Up under the roof at Anfield. South housing to the horizon with a spire or two, but no obvious landmarks. East derricks, cranes, big ships of the port. The stadium is large and stunning and shining clean inside. Seems to be continuous expansion. On this site since 1880s, initially rented by Everton.
Older brother’s 80th and the Anfield tour. Beginning in the players’ lounge, Q&A with Alan Kennedy, left back and hero of the 1983-4 treble. Signed from Newcastle in 1974 for £43000 or thereabouts. “They get that per week now.” Alan seems to be the go-to media guy just now. R4 and BBCTV.
Supporting Liverpool is not a bandwagon. We lived there between 1966-72. Kop visitors twice. Hunt, St John, Lawler, Callaghan, Smith, Yeats, Shankly. We were rugby guys really. Followed from afar since - Cardiff, Saddleworth (Manchester), Bedale (N Yorks), Honley and now Holmfirth (Huddersfield). I'd a tenous connection when I was at school, supporting Huddersfield Town. Shankly was our manager then. Brought Denis law to Yorkshire. He supervised and played Sunday afternoon soccer on a rec in Lindley and I turned out.
Alan was on for an hour or so. Main takeaway message was the culture of team, manager, boot room, programme sellers, caterers and so on. They’d been a second division side until Shankly (1959 -74), a staunch socialist. All equal, no stars, humility, common purpose - winning, The Liverpool Way, The Liverpool family. Disdain for authority, world against you, closing ranks, strength from within. Needed for Hillsborough and Heysel. After Shankly, Paisley (1974-83), Fagan (1983-85), Dalglish (85-91). Moran and Evans in there somewhere. All signed up to The Liverpool Way. No idea when it all went corporate but today, it’s telephone number wages like the rest.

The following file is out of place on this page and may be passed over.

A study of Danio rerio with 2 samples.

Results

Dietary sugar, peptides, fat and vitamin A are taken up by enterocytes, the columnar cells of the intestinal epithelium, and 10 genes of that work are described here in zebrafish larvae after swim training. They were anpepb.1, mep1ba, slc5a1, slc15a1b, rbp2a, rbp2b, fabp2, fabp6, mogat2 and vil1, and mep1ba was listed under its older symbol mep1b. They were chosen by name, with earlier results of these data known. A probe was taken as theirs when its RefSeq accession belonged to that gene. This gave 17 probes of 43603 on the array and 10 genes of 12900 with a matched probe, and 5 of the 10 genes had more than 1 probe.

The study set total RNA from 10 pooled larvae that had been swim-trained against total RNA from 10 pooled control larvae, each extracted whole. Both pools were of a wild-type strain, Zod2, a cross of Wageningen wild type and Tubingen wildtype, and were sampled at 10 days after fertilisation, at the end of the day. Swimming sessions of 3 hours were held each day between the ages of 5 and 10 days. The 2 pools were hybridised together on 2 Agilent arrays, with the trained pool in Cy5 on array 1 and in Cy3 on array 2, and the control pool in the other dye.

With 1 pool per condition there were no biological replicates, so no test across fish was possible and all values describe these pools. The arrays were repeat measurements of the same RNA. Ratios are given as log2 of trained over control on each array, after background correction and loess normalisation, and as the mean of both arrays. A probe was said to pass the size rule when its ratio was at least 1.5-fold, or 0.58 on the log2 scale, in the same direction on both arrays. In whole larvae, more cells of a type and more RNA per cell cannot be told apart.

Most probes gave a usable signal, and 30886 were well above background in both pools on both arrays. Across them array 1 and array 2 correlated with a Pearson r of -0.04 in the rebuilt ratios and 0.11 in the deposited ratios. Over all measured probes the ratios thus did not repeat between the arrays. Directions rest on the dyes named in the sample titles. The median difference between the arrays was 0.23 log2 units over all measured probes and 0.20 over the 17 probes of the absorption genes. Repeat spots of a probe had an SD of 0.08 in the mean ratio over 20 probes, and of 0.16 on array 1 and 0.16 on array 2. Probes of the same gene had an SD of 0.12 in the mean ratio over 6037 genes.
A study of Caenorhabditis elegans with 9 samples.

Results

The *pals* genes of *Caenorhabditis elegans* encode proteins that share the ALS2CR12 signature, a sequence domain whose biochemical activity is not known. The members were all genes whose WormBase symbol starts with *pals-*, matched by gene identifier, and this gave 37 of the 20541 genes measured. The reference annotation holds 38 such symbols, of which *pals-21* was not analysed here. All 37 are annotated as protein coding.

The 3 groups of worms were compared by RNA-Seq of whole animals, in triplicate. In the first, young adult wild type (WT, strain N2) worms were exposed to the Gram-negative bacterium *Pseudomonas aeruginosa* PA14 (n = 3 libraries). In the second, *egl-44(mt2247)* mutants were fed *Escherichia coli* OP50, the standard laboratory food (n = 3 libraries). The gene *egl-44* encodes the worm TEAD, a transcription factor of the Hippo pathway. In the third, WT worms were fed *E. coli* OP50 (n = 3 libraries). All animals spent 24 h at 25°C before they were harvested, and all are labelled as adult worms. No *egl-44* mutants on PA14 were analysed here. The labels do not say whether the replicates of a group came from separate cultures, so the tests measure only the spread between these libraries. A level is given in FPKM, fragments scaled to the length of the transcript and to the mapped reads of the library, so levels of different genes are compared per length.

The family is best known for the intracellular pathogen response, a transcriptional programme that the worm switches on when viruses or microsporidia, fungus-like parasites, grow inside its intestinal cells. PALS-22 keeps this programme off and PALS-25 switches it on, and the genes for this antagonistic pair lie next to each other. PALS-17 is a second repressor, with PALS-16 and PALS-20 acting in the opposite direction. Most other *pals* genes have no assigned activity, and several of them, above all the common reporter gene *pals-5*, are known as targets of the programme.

'The song was written for the 1945 Rodgers and Hammerstein musical Carouse
l. In the second act, the character of Nettie Fowler, a cousin of the main character Julie Jordan, sings 'You'll Never Walk Alone' to comfort her when her husband Billy dies.'
Sadly now a cliche, the song adopted by many teams and organisations. The Kop has sung it as an anthem since the 1960s, originally recorded by Gerry and the Pacemakers. The rise and rise of Liverpool FC was mirrored by the successes of Merseysound. And it's still powerful.
The boot room ran things. Inner sanctum, no players. Just room for six managerial staff under the main stand. No natural light. Talk for hours about everything. ‘Conveyer belt of wisdom concealed in a broom cupboard.’
The dugout and The Kop.
Older brother had a spat with the official photographer who was not allowing private pics of the European trophies. I sneaked in round the back. Three pubs round the stadium. The 12th Man, bottom left is a tribute to the extra player that the supporters represent - in this case more specifically The Kop. The Park, bottom right, was Pete and my choice for RL's magic weekend at Anfield. Totally mobbed. Hull FC supporters, stripped to the waist, singing, shouting, arms and shirts in the air. Landlady looking bemused. We went out the back which was a bit of a building site and had a quiet chat with 2-3 quieter Hull guys.
So we were treated to a view of a less pampered era. Alan confessed to an additional team drinking culture. Even drinking before playing. Still won. Today the players are confined to their rooms from 8.30pm the night before a game.
We missed out on a few things, but it didn’t spoil an amazing experience.